May 29 is College Savings Day
The College Savings Plans Network (CSPN), an affiliate of the National Association of State Treasurers, a CSG affiliate, wants everyone to pause on May 29 (5/29) to consider their college savings plans. Are you contributing funds toward a loved one’s future education needs? May 29 is 529 College Savings Day, a day to raise awareness of the importance of saving for future college expenses. For details about how you can contribute to or establish a 529 plan, visit the CSPN website.
Obama Congratulates NEMA on 40th Anniversary
The National Emergency Management Association was extremely honored to receive a video message from President Barack Obama highlighting the 40 years of excellent work being done by the organization and its members. The video was unveiled at the NEMA 2014 Mid-Year Forum held in March in Alexandria, Va. This marks the third time in NEMA’s history to be acknowledged by a president—the other two were former Presidents Bill Clinton and George W. Bush. Watch the presidential message to NEMA.
BLC Talks Economic Competitiveness
The first of four Regional Economic Competitiveness Forums scheduled along the U.S.-Mexico border by the Border Legislative Conference and members of the Congressional Border Caucus was held March 20-21 in San Diego. This forum focused on the states of California and Baja California, a mega region now often referred to as Cali-Baja, its ports of entry infrastructure, regional economy innovation and cross border economic clusters.
Kalisa to Lead CSG’s Overseas Voting Initiative
Kamanzi Kalisa, a former director of Georgia’s Help America Vote Act, will lead The Council of State Governments’ Overseas Voting Initiative, an effort to improve the election administration for members of the military and other U.S. citizens living abroad. CSG is working with the U.S. Department of Defense’s Office of the Under Secretary of Defense for Personnel and Readiness through a four-year, $2.9 million cooperative agreement on the effort.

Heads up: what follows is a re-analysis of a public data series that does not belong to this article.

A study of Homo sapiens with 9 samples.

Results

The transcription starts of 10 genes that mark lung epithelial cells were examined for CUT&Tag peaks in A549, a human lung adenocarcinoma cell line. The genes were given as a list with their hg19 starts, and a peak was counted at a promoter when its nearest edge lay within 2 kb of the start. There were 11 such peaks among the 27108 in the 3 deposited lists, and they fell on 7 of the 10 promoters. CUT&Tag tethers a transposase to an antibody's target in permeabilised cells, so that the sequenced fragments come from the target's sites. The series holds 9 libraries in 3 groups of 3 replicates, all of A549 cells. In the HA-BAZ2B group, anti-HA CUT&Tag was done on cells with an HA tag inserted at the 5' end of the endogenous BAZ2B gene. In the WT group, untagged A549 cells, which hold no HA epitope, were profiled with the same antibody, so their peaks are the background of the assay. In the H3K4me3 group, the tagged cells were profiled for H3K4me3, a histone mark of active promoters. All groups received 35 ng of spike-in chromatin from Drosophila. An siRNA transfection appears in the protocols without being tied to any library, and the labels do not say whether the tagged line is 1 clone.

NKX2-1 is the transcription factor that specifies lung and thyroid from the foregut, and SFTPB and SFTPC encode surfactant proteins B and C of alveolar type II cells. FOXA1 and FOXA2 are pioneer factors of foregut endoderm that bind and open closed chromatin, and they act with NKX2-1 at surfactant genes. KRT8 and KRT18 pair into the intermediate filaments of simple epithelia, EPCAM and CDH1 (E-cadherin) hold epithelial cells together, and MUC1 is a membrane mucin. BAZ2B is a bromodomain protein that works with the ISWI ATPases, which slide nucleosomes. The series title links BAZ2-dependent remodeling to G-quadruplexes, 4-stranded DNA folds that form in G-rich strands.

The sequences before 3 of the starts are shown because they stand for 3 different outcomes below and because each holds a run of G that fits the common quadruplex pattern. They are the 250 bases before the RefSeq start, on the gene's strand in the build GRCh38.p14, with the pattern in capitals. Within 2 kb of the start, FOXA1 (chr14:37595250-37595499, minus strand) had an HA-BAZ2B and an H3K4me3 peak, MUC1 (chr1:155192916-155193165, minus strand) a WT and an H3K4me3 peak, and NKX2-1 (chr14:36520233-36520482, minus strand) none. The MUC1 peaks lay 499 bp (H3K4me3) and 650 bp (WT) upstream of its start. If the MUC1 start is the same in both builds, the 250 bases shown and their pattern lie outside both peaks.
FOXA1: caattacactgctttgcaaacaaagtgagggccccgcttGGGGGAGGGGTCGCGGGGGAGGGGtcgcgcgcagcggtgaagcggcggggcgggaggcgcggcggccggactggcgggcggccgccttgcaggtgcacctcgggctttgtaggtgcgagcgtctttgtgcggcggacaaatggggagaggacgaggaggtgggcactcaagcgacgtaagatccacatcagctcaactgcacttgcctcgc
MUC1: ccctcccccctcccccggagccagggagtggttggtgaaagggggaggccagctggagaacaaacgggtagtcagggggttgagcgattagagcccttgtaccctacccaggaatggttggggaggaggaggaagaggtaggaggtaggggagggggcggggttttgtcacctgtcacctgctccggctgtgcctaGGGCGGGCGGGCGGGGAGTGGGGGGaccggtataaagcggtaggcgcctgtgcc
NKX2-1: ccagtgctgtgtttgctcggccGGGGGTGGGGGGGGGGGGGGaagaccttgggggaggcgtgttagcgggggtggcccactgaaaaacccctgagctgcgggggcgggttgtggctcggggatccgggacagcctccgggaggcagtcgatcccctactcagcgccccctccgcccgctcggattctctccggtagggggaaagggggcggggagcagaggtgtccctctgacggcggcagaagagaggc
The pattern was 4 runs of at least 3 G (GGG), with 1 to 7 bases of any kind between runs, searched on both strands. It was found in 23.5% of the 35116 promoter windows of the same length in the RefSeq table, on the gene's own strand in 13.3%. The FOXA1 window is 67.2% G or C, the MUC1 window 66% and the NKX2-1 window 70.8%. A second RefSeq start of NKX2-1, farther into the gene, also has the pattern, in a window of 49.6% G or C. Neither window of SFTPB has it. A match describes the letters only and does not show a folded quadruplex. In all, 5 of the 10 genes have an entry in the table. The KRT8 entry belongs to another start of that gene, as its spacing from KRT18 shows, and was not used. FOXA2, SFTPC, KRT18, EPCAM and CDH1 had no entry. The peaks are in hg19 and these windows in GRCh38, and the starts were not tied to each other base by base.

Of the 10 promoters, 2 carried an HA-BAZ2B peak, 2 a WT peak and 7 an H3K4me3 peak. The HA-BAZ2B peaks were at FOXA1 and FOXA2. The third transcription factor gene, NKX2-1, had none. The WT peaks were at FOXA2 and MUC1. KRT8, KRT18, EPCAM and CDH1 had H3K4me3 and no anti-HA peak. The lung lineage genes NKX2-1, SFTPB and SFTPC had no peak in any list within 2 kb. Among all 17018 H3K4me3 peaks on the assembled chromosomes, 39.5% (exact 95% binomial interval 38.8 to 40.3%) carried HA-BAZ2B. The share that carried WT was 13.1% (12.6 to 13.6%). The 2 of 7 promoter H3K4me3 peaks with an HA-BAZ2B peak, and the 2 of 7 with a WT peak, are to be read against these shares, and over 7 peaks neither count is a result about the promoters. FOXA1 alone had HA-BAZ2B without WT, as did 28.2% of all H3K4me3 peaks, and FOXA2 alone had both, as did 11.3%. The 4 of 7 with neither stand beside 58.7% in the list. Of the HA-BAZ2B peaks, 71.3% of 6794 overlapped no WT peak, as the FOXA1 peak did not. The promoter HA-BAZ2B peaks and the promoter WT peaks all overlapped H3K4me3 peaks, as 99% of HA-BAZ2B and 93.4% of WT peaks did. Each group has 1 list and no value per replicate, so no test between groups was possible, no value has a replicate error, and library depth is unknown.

Kalisa has long been interested in public service, politics and public policy issues. His mother, a South Carolina native, and father, a native of Rwanda, have long been involved in helping to make their communities better. His mother is an educator in the Atlanta area, while his father returned to his home country in the 1990s and heads up the development bank in the efforts to rebuild the nation.
Kalisa majored in political science when he attended Tufts University in Boston, then interned in then-U.S. Sen. John Kerry’s office, working with local law enforcement officials in the state to educate them on new funding available for homeland security.
He was appointed as director of Georgia’s Help America Vote Act after working on several campaigns, including the campaign of then-Georgia Secretary of State Cathy Cox.
Bray to Lead CSG’s International Affairs
Catherine Bray has joined The Council of State Governments as director of international affairs and director of the State International Development Organizations, known as SIDO. Bray will represent state governments to the foreign embassy community, the academic and think tank community, and relevant federal agencies such as the departments of Commerce and State.
Bray will assist state governments as they build international capacities by fostering exchanges with counterparts abroad, with a special focus on Canadian provincial government and Mexico border states. Bray will work closely with the CSG federal affairs team, as well as regional leaders, to build understanding in Congress on the value of state export promotion programs.
Bray has spent the last seven years in Washington, D.C., specializing in international outreach programs for various think tanks, other nonprofit organizations and corporations.
Aeronautics in the South
The Council of State Governments’ Southern Legislative Conference recently released a new SLC Regional Resource examining the increasing number of aeronautics companies that are locating, relocating or expanding their manufacturing operations in the South. The trend is particularly discernible in the aftermath of the Great Recession.